First-years volunteer at Williamstown fire department

Tai Henrichs

TAI HENRICHS/The Williams Record
Grant Gattuso, Will Titus and Jackson Anderson have attended firefighting trainings since January.

Jackson Anderson ’23, Grant Gattuso ’23 and Will Titus ’23 lie on the ground, waiting to be rescued. Artificial smoke billows around them, restricting their view of the dimly lit surroundings. Eventually, a group of firefighters breaks in to carry them out of the Williams Inn, marking the simulated training session a success.

Titus, Gattuso and Anderson have been training since January to prepare to join the Williamstown Fire Department as volunteer firefighters. They will join Logan Friedman ’20 and Ben Maron ’21, raising the number of student-firefighters to five. 

Gattuso said that his experience in the simulation gave him a deeper appreciation for the dangers that firefighters face. “It was interesting to see how hard it is to navigate a building even if it’s just a straight line,” he said. “It’s very difficult to navigate with all the smoke when it’s dark.” 

The three also observed professional firefighters, who demonstrated the techniques for breaking down doors and walls in the course of retrieving the three students.

Anderson said the first training he attended, however, was not particularly exciting. A salesperson was pitching a fire truck to the department, but the truck broke during the demonstration. 

Anderson nevertheless said he found enjoyment in future trainings. “It was nice just hanging around and chatting with the other firefighters,” he said. Along with simulations, subsequent sessions included “truck checks,” where trainees took inventory of fire truck equipment. 

According to Titus, even after becoming on-call firefighters, they will continue to train, expanding their skill sets and their designated responsibilities during emergencies. 

Titus became interested in becoming a volunteer firefighter after encountering a Purple Key Fair booth hosted by student firefighters. He reached out to the department’s chief firefighter, Craig Pedercini, and, because of conflicts with his fall semester schedule, started training with Gattusso and Anderson during Winter Study. 

Joining the department was a way for Titus and Anderson to fulfill goals each had formed during high school. 

“I had this itch for national service that I wanted to scratch, and I realized that firefighting was along that same vein,” Anderson said. He added that this desire originated with recent political events.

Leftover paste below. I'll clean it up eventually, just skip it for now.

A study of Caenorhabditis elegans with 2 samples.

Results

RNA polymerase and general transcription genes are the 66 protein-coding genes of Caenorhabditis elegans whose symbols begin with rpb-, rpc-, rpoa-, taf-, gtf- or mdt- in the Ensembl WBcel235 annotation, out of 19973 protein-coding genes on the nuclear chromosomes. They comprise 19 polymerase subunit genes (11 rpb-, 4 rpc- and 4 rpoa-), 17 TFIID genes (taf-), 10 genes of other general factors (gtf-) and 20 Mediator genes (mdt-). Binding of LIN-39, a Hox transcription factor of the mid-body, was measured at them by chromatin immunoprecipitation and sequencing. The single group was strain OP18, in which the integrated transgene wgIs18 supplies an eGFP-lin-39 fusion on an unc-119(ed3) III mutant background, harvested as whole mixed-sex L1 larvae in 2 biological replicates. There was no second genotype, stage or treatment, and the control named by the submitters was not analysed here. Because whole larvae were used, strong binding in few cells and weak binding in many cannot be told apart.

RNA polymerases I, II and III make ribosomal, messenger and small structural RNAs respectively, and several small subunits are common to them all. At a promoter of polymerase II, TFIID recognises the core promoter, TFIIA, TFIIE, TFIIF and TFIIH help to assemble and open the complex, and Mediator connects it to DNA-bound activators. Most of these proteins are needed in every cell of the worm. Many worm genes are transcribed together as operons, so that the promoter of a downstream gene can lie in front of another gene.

“I grew up in a community with a large immigrant population, and I was always amazed at how much pride they had for both their home nations and for the U.S.,” he said. “It wasn’t until Trump got elected that I was able to feel proud about the U.S. To me, Trump represented a departure from what the U.S. should be, so I realized I could be proud of what I want the U.S. to look like.”

Titus’ reasoning was perhaps less political.

 “I’ve always loved firetrucks,” he said. “I think it’s a great and direct way to help people.” 

He added that it is a “great break from the academics of Williams” with a “really great group of guys at the fire station.” 

Like Titus, Gattusso took notice of the firefighters at the Purple Key Fair during Previews.

His decision, however, was a little more spur of the moment.  “At the end of the fall, I was kind of looking for a little bit of excitement,” he said. He added that he also wanted to help others.

In addition to training with the department, the three are also pursuing certification for the use of self-contained breathing apparatuses (SCBA), devices that supply stored oxygen to the wearer, preventing them from inhaling smoke. Anderson and Gattuso said they hope to complete their SCBA certification before the summer so that they can perform more tasks during emergencies this year. 

Titus said he is considering attending a “fire academy” during the summer. If he does, he would receive formal training that would contribute to certifications that are not required by the Williamston Fire Department to volunteer but are often necessary elsewhere.

Upon passing their physicals — including bloodwork, a spirometry test and an electron diagram evaluation — the three will become 24/7 on-call firefighters. 

“You don’t have to respond during classes,” Titus said. “You don’t have to respond during practice.” But any other time is fair game. After receiving a call, they must run or bike to the station. 

None of this deters Anderson. 

“It’s something that I could possibly continue post-graduation,” he said.